As had been long expected, former Democratic Councilmember Domenic Recchia will be challenging incumbent Republican Congressmember Michael Grimm, who represents all of Staten Island and a swathe of Brooklyn from the Verrazano Bridge down through Bensonhurst, Dyker Heights, Bath Beach and Gravesend, and who is up for re-election in November, 2014 to represent the 11th Congressional District.
Recchia made it official at a press conference on Staten Island on Saturday, March 1 outside his mother’s home on Bancroft Avenue, and later told this paper that he believes his strong ties to Staten Island put him in a good position to take the seat from Grimm, who is running for his third term, despite the fact that since the district has included both Staten Island and portions of Brooklyn, no one from this side of the Narrows has held the seat.
With his mom, his sisters and his extended family living on Staten Island, Recchia says his ties bind him to the borough, which he has fought for, for years, even while representing Coney Island, Bensonhurst and other portions of southern Brooklyn in the City Council. “A lot of people called me the fourth councilman from Staten Island,” he noted.
But, beyond his Staten Island bona fides, Recchia says he is confident that his record of public service will pave his path to victory.
“Everything I have done in public service, from the school board to the City Council, has been based on helping people, making sure that communities get their fair share,” he asserted.
In addition, Recchia contends that it is time for a change. “Washington is broken,” Recchia said. “We need new leadership in Washington. We need someone there that is going to be part of the solution, not part of the problem. Michael Grimm is part of the problem. When the government shut down, Michael Grimm voted for that. He voted for sequestration. They were going to close the first Head Start program in the country, on Staten Island, and Michael Grimm was nowhere to be found. Michael Grimm doesn’t bring home what the community needs, what I am fighting for.”
Recchia also criticized Grimm for “vot(ing) three times not to bring up [for a vote] his own flood insurance bill. Democrats tried to bring it to the floor and he voted against his own bill,” Recchia emphasized.
“The people are with me. They said they have had enough. They are tired of the side show,” Recchia asserted, noting that the “majority” of the money in his campaign war chest (over $1.2 million) “came from individuals,” which much of Grimm’s campaign funds comes from Political Action Committees, he said.
Going forward, Recchia will also be aided by the Democratic Congressional Campaign Committee’s Red to Blue program, which aims to replace Republicans with Democrats in districts the committee deems winnable, by providing additional campaign funds, as well as strategic support.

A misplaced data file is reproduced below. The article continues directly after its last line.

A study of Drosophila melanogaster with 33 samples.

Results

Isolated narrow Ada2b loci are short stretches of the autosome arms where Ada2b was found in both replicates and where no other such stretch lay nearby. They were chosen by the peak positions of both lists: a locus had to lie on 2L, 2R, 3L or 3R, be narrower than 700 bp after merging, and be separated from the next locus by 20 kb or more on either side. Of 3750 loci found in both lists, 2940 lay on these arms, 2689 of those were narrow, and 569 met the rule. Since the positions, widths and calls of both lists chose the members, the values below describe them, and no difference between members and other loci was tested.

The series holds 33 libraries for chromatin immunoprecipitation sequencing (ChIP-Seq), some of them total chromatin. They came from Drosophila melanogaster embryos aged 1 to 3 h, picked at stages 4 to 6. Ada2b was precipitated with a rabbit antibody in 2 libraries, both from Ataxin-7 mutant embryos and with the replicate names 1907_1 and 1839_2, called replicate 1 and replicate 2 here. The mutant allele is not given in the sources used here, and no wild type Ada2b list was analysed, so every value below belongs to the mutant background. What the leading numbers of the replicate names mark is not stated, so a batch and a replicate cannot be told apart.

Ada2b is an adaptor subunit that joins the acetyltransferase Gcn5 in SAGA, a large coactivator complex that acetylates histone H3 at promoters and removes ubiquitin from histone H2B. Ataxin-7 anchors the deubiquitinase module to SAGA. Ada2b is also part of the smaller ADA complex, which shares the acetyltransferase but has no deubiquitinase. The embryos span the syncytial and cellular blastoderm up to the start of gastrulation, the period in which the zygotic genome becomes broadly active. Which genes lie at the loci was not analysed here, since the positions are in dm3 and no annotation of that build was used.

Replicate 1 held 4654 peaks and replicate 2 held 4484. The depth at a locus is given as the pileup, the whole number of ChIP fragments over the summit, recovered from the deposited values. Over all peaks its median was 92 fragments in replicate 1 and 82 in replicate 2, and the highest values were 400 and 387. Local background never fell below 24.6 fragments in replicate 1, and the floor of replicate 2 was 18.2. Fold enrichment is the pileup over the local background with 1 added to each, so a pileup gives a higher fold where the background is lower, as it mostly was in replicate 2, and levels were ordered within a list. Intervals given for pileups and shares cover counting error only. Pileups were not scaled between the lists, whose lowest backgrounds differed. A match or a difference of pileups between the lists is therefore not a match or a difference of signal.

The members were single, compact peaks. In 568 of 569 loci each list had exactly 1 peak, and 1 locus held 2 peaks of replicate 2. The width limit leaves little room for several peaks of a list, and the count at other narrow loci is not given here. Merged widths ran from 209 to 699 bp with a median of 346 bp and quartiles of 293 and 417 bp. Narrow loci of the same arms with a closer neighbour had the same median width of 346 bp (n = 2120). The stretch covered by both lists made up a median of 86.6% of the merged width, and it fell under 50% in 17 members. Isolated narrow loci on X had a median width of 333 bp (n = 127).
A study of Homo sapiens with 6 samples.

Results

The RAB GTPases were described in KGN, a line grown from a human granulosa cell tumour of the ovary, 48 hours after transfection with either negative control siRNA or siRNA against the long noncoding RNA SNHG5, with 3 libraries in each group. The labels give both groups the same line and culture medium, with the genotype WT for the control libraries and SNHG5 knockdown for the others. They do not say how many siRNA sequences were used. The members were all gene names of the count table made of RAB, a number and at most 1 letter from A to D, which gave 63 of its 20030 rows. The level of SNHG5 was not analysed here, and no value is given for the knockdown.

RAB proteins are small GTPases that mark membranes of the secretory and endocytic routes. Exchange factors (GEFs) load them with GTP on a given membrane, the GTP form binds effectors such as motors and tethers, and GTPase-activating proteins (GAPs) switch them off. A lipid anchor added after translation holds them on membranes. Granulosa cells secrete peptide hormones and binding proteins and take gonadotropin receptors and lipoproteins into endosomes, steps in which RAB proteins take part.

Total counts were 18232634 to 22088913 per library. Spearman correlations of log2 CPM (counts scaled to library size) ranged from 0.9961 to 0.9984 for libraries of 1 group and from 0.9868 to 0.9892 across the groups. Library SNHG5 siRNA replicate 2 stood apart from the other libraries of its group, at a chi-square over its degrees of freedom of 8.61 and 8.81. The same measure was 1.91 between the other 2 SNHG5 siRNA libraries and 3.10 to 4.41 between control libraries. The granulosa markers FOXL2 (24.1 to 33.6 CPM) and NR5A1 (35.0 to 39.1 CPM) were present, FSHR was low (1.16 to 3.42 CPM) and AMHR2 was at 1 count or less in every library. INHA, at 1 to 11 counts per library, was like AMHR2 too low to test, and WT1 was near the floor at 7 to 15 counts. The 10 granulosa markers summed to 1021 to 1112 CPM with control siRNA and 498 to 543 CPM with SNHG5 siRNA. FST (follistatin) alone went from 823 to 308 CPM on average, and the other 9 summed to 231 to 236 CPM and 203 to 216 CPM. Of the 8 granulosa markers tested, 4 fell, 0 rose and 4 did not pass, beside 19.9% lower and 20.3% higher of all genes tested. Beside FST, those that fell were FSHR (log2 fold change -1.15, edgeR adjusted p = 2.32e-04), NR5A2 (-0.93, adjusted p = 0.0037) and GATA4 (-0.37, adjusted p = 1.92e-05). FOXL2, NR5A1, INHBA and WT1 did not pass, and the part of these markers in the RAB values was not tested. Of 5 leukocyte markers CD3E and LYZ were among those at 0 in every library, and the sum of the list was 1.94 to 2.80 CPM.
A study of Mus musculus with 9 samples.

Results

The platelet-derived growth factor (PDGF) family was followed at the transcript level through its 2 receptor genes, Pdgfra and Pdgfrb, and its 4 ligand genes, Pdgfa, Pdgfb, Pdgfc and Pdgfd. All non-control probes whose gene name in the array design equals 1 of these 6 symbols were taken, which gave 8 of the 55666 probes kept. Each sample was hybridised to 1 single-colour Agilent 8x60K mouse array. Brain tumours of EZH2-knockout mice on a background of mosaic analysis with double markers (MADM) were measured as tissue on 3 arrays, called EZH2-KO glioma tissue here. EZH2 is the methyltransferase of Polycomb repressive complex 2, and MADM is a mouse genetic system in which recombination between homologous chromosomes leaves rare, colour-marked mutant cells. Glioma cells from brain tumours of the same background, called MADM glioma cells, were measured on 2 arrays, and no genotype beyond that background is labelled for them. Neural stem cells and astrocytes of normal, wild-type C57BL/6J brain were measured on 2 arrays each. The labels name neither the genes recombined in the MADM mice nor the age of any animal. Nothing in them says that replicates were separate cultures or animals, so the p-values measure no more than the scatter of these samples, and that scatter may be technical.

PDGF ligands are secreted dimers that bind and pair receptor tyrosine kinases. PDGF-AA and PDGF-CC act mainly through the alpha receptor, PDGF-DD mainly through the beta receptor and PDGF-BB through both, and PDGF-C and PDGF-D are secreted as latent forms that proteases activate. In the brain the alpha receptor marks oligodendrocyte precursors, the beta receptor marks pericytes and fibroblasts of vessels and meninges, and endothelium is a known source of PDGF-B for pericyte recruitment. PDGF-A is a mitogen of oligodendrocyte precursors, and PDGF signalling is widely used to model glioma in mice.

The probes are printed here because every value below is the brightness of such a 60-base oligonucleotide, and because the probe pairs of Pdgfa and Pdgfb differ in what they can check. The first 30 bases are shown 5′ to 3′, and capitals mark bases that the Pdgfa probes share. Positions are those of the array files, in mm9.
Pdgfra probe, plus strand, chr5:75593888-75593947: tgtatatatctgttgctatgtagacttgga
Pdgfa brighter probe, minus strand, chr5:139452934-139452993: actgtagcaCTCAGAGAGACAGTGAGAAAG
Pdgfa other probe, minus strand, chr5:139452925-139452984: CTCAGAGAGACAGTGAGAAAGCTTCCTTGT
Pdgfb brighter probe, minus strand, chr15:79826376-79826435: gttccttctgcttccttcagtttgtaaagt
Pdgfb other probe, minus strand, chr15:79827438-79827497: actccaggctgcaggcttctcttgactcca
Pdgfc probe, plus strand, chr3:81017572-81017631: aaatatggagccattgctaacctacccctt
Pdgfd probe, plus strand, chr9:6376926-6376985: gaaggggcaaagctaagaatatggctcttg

Among the issues that Recchia said he will be out front and center on are Verrazano Bridge tolls (which were recently lowered for Staten Islanders, while not for Brooklyn residents), which Recchia contends hurt not only Brooklynites who have to dig deeper to cross the bridge, but also Staten Island businesses who are losing customers from this side of the Narrows.
Recchia also said he would battle to make sure Fort Hamilton remains open if the federal government convenes a base closure commission, and would work “to get a bill to combat gun violence [by requiring background checks for people buying guns on the Internet].”
Grimm, contacted for comment, blasted Recchia. “My opponent is making a fool of himself by continuously issuing statements that are completely false,” he said. “If he has so much to offer, then why does he have to lie and distort the facts? I was on national television almost daily urging my colleagues not to shut down the government and that can’t be disputed. The president himself insisted on the sequester and it also passed the Democrat-led Senate, which my opponent fails to mention.
“As for delivering real results, who on his side of the aisle has been more productive for their district than me?” Grimm demanded. “I had the most bills passed through the House last Congress than any other freshman, as well as the most bills signed into law, all of which were bipartisan.”
In that context, Grimm cited the flood insurance reform bill that he had sponsored, passed with a bipartisan majority on Tuesday, March 4. That bill, Grimm said, “Will spare Staten Islanders and Brooklynites from a wave of foreclosures and astronomical premium hikes at a time when they are still struggling to recover from Sandy. Add to this my work in securing the $60 billion Sandy aid bill, keeping Fort Hamilton at full staff and safe from a BRAC, and bringing clean, affordable natural gas and countless energy jobs to our city, and it becomes indisputably clear who knows how to get results.”